Hi All.

I'm trying to decide how to best activate a couple things on my robot build (full sized K-9 in my avatar).

I need to turn on a laser pointer. I'm thinking a pico switch would work.

Is there a more direct solution with the EZ B (I'll be upgrading to v4 soon)?


Also, I need to move a car antenna up and down. This particular antenna requires reversing the polarity to get it to move backwards. A switch that's mechanically activated by a servo arm for one direction and another switch for the other direction would definitely work and I'd just need to control the duration of the switch's activation to control how far the antenna extends.


Would a relay be any better? Reversing the polarity appears to be more challenging for my feeble brain-- the simpler the better :)!

This one seems to be able to run things forward and backward, but I'm not sure how it'd work with the EZ B.

thanks in advance



For laser pointers many of those run on 3 - 5 volts. I have a little laser on my robot now that I power directly from the EZ-B. The positive on the laser goes to the signal/data line on the EZ-B. The ground or negative goes to the ground. I don't need anything else. Then I use a digital on/off control in ARC to controller the laser.

Relays overall are, "ok". I personally would tend to think of relays as either a last resort (force myself to use what I have) or us them for switching higher voltage devices. To drive a (I assume) 12volt automotive antenna (?) I think you might want to consider an h-bridge. That would let you control the DC motor forward and reverse from the EZ-B.

Using a servo to control snap action switches is very doable. That's a popular setup for very big robots that relies on standard R/C controls. My advice would be steer clear of that solution for your robot. I believe you would find a h-bridge motor driver a better solution. This page shows how an h-bridge would work.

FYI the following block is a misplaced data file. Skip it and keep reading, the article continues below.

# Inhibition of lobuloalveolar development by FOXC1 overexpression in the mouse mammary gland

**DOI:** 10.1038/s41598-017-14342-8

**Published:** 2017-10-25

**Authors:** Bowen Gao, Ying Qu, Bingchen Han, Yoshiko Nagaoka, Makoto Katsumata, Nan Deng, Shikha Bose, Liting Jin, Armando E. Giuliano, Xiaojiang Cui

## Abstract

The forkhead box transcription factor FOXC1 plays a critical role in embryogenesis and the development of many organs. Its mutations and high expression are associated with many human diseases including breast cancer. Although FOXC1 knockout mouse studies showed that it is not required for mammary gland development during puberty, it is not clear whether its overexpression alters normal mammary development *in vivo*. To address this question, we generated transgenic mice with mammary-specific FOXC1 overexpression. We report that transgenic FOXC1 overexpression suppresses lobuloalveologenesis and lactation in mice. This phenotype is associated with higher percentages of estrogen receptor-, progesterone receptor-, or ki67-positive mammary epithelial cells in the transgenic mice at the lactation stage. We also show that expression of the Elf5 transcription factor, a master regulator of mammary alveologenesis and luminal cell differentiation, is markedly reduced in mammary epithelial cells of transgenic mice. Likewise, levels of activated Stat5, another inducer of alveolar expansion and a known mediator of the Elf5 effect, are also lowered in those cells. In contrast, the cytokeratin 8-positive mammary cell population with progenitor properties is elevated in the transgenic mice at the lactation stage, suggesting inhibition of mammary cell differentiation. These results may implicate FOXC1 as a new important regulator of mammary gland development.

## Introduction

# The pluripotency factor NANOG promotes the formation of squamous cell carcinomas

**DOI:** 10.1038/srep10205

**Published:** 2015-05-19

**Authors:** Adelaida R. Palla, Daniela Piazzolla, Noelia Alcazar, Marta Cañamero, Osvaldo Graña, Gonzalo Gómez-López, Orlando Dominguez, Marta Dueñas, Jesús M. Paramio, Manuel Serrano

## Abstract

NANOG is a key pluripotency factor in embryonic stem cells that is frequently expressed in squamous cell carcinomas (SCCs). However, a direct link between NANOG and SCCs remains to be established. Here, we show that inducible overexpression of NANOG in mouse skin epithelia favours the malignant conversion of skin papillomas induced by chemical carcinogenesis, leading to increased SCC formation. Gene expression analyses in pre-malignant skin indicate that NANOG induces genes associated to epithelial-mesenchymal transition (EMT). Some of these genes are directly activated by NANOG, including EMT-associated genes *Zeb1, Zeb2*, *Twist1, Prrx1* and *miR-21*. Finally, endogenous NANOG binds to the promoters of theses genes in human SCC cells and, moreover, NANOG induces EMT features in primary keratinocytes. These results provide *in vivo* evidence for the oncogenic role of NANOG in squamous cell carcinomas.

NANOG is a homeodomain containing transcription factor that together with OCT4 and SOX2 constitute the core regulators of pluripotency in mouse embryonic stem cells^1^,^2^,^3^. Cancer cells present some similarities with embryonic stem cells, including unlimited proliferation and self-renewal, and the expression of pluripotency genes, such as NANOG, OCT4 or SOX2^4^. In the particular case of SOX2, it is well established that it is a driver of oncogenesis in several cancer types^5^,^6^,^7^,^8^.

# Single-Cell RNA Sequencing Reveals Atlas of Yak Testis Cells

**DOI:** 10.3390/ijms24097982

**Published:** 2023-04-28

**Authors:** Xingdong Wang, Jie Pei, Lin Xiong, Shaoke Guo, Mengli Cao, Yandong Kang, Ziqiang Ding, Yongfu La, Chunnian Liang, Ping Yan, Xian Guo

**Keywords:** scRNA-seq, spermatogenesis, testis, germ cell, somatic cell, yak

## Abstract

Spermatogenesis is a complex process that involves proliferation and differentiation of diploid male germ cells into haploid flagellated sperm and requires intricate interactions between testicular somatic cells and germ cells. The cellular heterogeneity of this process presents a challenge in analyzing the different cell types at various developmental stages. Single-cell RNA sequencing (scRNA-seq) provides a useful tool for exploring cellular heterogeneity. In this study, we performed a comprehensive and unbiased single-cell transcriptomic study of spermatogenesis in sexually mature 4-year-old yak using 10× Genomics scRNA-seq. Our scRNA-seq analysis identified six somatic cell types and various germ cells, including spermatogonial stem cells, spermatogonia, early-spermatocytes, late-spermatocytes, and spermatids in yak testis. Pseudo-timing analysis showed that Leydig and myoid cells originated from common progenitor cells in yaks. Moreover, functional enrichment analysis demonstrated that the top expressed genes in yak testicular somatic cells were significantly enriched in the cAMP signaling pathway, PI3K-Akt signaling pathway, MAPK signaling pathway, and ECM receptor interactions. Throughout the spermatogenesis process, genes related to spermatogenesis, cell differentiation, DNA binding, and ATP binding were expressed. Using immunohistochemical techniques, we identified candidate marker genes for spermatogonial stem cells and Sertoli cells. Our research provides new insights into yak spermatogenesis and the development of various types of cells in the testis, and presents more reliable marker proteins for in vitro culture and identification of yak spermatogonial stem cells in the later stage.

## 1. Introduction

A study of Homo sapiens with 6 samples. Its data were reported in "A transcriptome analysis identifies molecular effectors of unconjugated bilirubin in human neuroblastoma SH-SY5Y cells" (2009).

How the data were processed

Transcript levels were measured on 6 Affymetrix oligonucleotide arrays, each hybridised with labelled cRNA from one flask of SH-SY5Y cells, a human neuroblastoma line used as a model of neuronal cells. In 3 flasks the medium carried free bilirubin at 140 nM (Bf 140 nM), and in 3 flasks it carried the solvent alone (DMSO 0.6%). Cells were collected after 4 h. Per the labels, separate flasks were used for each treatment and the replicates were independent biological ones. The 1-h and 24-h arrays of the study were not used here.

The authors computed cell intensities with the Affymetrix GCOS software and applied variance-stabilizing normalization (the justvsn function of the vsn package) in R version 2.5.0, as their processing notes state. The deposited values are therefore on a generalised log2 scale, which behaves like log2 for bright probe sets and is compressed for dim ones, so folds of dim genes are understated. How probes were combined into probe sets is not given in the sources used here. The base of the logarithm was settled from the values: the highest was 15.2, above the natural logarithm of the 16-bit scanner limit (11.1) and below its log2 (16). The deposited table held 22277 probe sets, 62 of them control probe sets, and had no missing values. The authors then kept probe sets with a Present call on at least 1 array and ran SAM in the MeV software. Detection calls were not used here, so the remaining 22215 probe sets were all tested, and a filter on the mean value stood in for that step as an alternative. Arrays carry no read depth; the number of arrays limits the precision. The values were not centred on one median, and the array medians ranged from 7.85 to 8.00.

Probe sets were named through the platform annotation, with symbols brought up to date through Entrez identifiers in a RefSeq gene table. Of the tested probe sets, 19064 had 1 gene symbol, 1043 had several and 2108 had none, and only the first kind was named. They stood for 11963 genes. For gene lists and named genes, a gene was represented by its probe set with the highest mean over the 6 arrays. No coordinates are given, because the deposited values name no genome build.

For the K9 robot, the antenna are the ears, correct? Why would you not want to spin those with a standard servo?
Honestly a darlington transistor or mosphet used to trip a relay is your best option. Using a servo to flip a physical switch is a bit of a waste of resources.
They have TTL controlled relays very cheap. No need for a transistor.
TTL Relay
Just use a digital port on the EZ-B. They will handle 120V at 10 A.
@bookmaker... EZB digital port can handle 120V at 10A? I must have read that wrong...
He linked a relay and board that already has the circuit i mentioned soldered together. The relay can turn 110v on and off , the ezb 4.8 v signal triggers the relay on.
Laser pointers will draw more than 20ma, so they cannot be driven directly off the ezb data pin... You will need a relay or a mosfet... I prefer a 5v low mAh relay that can be driven directly from the EZB data pin...
Nice find Justin... the ones I have draw about 90 mA....
Thanks, eveyone.

For the TTL relay (I think I have one of those somewhere), how do I go about making the polarity reverse (both software and hardware-wise) so that the antenna retracts? Also, how do you control the duration of the antenna activation, to make the antenna will extend to a certain length? (I'm really quite a noob, if you haven't noticed already. :))

Thanks for the link on the lasers, Justin. That'll keep things nice and simple.
The car antenna is what makes the "probe" go up and down (that's the red suction cup thing that's coming from below the eye area). The ears are separate-- they will spin via a simple hook up to a couple servos.

I guess a servo might work for deploying and retracting the antenna.... or even maybe a linear actuator?
For relay control you would need two of them. Often a single pole double throw relay is used for on off. A double pole double throw relay is used for direction.
If you're not going to use an H bridge a better solution might be to use a mini servo with two snaps switches like you mentioned before.
I will be powering my EZ B at 6 volts (for my particular servos). Will it be ok to run those 5 volt lasers at the 6 volts, or will I need to reduce the voltage?


You'll have to try one and see if it will last for more than a few minutes. Some of the better built laser pointers may work quite well.